Environment

Moody’s Warns Cities, States: Prepare for Climate Change

JM Ashby
Written by JM Ashby

This feels like the beginning of the beginning of something big.

Moody's Investors Services, one of the top credit rating agencies in the world, has begun notifying coastal cities and states that their credit ratings will be downgraded if they don't prepare for climate change.

via Bloomberg:

"What we want people to realize is: If you’re exposed, we know that. We’re going to ask questions about what you’re doing to mitigate that exposure," Lenny Jones, a managing director at Moody’s, said in a phone interview. "That’s taken into your credit ratings."

In its report, Moody’s lists six indicators it uses "to assess the exposure and overall susceptibility of U.S. states to the physical effects of climate change." They include the share of economic activity that comes from coastal areas, hurricane and extreme-weather damage as a share of the economy, and the share of homes in a flood plain.

Based on those overall risks, Texas, Florida, Georgia and Mississippi are among the states most at risk from climate change. Moody’s didn’t identify which cities or municipalities were most exposed.

The reasons they're doing this should be fairly obvious by now.

Even the best case scenarios outlined by scientists tell us significant portions of the coast could be under water in the coming decades. On the other end of the spectrum, the worst case scenarios tell us most of Florida will disappear beneath the sea.

There's hundreds of billions of dollars, perhaps even trillions, tied up in properties that could be literally worthless in the future because they're under water. At some point the bill is going to come due and ratings agencies are going to mitigate their own liability by accurately conveying that coastal properties could be a risky investment if cities and states don't take the necessary steps to prepare for what's coming.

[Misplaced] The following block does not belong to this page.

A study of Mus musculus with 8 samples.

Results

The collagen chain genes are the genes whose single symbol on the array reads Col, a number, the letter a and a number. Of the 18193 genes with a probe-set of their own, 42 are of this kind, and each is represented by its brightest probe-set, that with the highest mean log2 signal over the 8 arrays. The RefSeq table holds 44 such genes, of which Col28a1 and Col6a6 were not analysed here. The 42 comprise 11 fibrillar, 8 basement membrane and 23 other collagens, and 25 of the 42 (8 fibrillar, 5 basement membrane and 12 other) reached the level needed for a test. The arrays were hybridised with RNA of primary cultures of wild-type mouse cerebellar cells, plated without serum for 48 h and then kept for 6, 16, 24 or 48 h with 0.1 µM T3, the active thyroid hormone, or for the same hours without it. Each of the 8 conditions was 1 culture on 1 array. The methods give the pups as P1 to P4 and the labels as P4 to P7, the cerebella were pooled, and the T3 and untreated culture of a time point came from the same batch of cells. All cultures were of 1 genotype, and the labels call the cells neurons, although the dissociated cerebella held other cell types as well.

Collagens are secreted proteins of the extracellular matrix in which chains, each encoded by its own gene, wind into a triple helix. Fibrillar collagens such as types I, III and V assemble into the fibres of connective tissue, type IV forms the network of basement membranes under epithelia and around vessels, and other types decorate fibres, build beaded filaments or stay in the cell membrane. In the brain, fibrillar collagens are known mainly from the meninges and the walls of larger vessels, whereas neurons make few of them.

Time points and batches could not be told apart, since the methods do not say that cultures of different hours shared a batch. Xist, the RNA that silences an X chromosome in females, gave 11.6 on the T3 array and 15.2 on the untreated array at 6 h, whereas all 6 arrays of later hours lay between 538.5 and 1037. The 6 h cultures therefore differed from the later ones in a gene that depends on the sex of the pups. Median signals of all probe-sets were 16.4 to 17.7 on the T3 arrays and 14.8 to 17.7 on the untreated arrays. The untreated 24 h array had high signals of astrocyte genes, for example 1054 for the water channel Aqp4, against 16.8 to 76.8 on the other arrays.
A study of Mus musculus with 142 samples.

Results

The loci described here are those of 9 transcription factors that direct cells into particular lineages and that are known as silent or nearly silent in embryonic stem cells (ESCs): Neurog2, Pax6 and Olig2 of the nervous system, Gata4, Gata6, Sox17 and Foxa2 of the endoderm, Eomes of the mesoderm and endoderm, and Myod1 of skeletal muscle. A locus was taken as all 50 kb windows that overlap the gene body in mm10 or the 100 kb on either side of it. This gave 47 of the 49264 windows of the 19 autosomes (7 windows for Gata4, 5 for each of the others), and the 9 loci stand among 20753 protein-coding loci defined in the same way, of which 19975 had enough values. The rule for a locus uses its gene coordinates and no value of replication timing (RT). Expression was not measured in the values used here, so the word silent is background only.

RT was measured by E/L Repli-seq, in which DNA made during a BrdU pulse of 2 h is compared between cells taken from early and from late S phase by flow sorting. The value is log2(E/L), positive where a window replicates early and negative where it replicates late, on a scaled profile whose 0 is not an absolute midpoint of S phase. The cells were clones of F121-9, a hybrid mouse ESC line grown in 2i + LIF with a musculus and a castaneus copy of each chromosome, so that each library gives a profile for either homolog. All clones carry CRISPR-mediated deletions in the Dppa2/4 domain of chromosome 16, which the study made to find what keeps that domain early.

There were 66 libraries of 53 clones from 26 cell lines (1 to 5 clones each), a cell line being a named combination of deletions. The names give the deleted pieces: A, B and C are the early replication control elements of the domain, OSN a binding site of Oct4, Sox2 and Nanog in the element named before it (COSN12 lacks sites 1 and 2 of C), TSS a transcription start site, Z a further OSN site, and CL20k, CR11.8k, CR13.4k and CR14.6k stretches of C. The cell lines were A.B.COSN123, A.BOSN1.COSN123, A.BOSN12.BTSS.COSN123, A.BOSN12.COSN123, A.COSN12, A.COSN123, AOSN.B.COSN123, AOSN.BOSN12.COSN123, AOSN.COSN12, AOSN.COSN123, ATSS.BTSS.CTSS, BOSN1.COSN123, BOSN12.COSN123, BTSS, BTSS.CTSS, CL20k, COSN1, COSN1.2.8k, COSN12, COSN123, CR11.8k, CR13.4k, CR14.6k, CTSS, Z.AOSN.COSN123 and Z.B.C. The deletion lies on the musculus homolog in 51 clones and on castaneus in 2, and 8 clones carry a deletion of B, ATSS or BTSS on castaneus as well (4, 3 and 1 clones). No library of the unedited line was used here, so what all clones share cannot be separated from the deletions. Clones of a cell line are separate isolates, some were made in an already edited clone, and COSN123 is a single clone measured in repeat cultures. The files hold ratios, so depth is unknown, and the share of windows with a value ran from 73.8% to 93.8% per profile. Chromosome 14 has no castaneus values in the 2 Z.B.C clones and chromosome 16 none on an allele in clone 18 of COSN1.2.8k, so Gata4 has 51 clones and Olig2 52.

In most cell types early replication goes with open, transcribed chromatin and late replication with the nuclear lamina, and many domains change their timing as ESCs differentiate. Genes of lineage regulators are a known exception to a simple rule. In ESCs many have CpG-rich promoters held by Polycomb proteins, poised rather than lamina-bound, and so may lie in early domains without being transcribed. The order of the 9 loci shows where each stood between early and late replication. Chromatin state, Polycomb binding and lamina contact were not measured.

What those preparations will or should look like is another question. We live in a political environment where there's more appetite in Congress for building a worthless border wall than building a sea wall.

Investors, banks, ratings agencies, and the Earth itself don't care if Donald Trump and Republicans in Congress believe climate change is a hoax. Climate change doesn't depend on their belief in it. It's happening.

The great climate change bailout of 2050 will be epic.

  • muselet

    Banks, insurance companies and investors can’t pretend reality isn’t real. If they did, they’d quickly go out of business.

    Politicians can pretend reality doesn’t exist because most of them will be out of office and comfortably ensconced in a think tank before climate change reaches a tipping point. If a few million people die unnecessarily and a billion or so are displaced, well, sucks to be them.

    I’m thinking of starting a company to manufacture tumbrels. Anyone want to invest?

    –alopecia

    • gescove

      Only if your business plan envisions market integration to include guillotine and casket manufacturing. Maybe include sharpening and excavation services. A last stop shopping/cradle to grave approach, as it were.

  • Username1016

    “Under the sea… under the sea… things are better down where it’s wetter, take it from me…”

    Except maybe not so much for property owners.